Lake Cumberland Fun in Somerset & Pulaski County
Most folks come to Somerset and Pulaski County because the sparkling waters of Lake Cumberland are known as the “Houseboat Capital of the World.” But the fourth-best recreational lake in the country, according to USA Today’s 10Best.com, is also a place where friends and family can fish, play and find cozy anchorages under sunny (or starry!) skies. Others come to visit “The Capital of Lake Cumberland” because this part of South-Central Kentucky is a vibrant, hospitable center of arts, crafts, culture and shopping, with thriving restaurants and abundant live music in a revitalized downtown.
Summer Time, Fun Time
In the summer, dip in the area’s magnificent cooling waters of Lake Cumberland or plan a visit to SomerSplash, a 30-acre water park with slides, a wave pool and adjoining skateboard park. Somerset’s annual Master Musicians Festival – an annual mid-July event since 1994 – draws crowds from all over the country to hear an eclectic list of legendary rootsy artists like Odetta, Pinetop Perkins, Vassar Clemens, Richie Havens, the legendary Willie Nelson, Counting Crows and Dwight Yoakam – right alongside regional performers who share Kentucky’s rich musical roots.
If you happen to be visiting on the fourth Saturday of the month (not only in summer, but April-October) the Somernites Cruise car show downtown offers fun-filled weekends devoted to vintage cars, live music and the sort of community spirit that hearkens back to an earlier time. With a Rock and Roll Block Party on Friday and then the car show/cruise on Saturday, there’s nothing quite like it!
But this area is also spectacular in the fall – when the area’s hills, gorges and plateaus are ablaze with color – and during the still, cold winter months when the forested landscape, its wildlife and sharp-edged contours can be seen in snow-covered clarity. No matter what direction you’re coming from, every route offers scenic views. The main north-south route, U.S. 27, runs from Ohio through Lexington then down to Tennessee. Travelers along I-65 will find that east on the Louis B. Nunn Parkway offers quick passage to Somerset. And to the east, Kentucky Highway 80 – which connects to London, I-75 and beyond – spans the gorgeous Daniel Boone National Forest.
Stay More, Play More
There are lots of ways to get around these parts – by kayak, boat, bike, foot and car. But there are plenty of places to settle into as well.
Just a few minutes from Somerset on the shore of Lake Cumberland, Lee’s Ford Resort Marina offers rustic cottages and casual-upscale dining at the The Harbor Restaurant & Tavern (featured in Southern Living), where you can feast on ribs, pork chops and blackened grouper while gazing at the lake. Boaters won’t miss out either, since the restaurant delivers to marina slips and cabins. (How cool is that?)
If it’s a campsite you crave, you’ll find lakeside spaces for RVs at Shoreline RV Park, Waitsboro Recreation Area, Lake Cumberland RV Park, Pulaski County Park and others. There are nearly a hundred sites with utility hookups, showers and full amenities at General Burnside Island State Park, home to one of the state’s most beautiful golf courses. There are also primitive campsites at Bee Rock, east of Somerset on Rockcastle River, the take-out point for audacious paddlers who’ve tackled the frothy waters upstream.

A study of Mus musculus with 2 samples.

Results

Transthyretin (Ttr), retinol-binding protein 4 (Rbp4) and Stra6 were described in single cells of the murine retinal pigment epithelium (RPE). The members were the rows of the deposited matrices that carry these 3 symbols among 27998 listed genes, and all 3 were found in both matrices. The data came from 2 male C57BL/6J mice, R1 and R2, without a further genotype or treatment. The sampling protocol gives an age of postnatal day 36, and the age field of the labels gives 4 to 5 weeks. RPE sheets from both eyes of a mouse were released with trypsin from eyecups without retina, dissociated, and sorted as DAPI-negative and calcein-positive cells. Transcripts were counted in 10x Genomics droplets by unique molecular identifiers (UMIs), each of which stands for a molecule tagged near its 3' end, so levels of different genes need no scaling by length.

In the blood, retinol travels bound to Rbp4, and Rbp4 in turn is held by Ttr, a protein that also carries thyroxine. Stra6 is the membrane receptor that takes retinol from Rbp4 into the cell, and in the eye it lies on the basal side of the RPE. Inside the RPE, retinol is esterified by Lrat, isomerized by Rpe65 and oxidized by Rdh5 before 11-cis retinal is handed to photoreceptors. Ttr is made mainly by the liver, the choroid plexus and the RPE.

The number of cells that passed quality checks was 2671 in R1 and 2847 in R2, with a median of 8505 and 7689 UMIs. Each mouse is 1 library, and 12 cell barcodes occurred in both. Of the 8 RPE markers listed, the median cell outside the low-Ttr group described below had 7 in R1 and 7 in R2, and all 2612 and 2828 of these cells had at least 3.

And all around the region you’ll find a mix of amenities and locations that will satisfy every taste. Somerset itself is blessed with an abundance of locally-owned and national hotels and motels at price points that give visitors plenty of choices. There are more than 100 short-term rentals available as well.
Visit historical sites like Mill Springs Battlefield Museum/Visitor Center (now a National Monument) where Union troops achieved the first major victory in the Western Theater of the Civil War. Browse arts and crafts or listen to the music of local and regional artisans at the Cooper Arts Center in downtown Somerset. Take a walking tour of historic downtown to get a sense of how time and history have shaped this 200-year-old town.
Come Wine & Dine
No matter where you’re staying, you’ll want to visit the tasting rooms at Cedar Creek Vineyards (located in a scenic mountain setting) and Cave Hill Vineyard & Winery, just north of town. If it's craft beer you love, visit Jarfly Brewing Company the first of its kind in downtown Somerset.
And, of course, you’ll eat well! With luck, you’ll haul in a mess of fish on your own, but area restaurants stand ready to serve everything from grits, biscuits and gravy to fried chicken, sushi and steak with potatoes. You won't want to miss the hot donuts from Amon's Sugar Shack, available Thursday through Saturday evenings during the summer.
Whether you’re shopping for produce from the area’s rich agricultural bounty or antiques and hard-to-find knickknacks, the local farm markets, unique antique shops/malls and vast flea markets are great places to meet the locals and get personal advice about the items and places they treasure.
Ready to make your escape? Call 800-642-6287 or visit www.lctourism.com for information on all there is to see and do here. Your dream vacation waits on the shores of Lake Cumberland!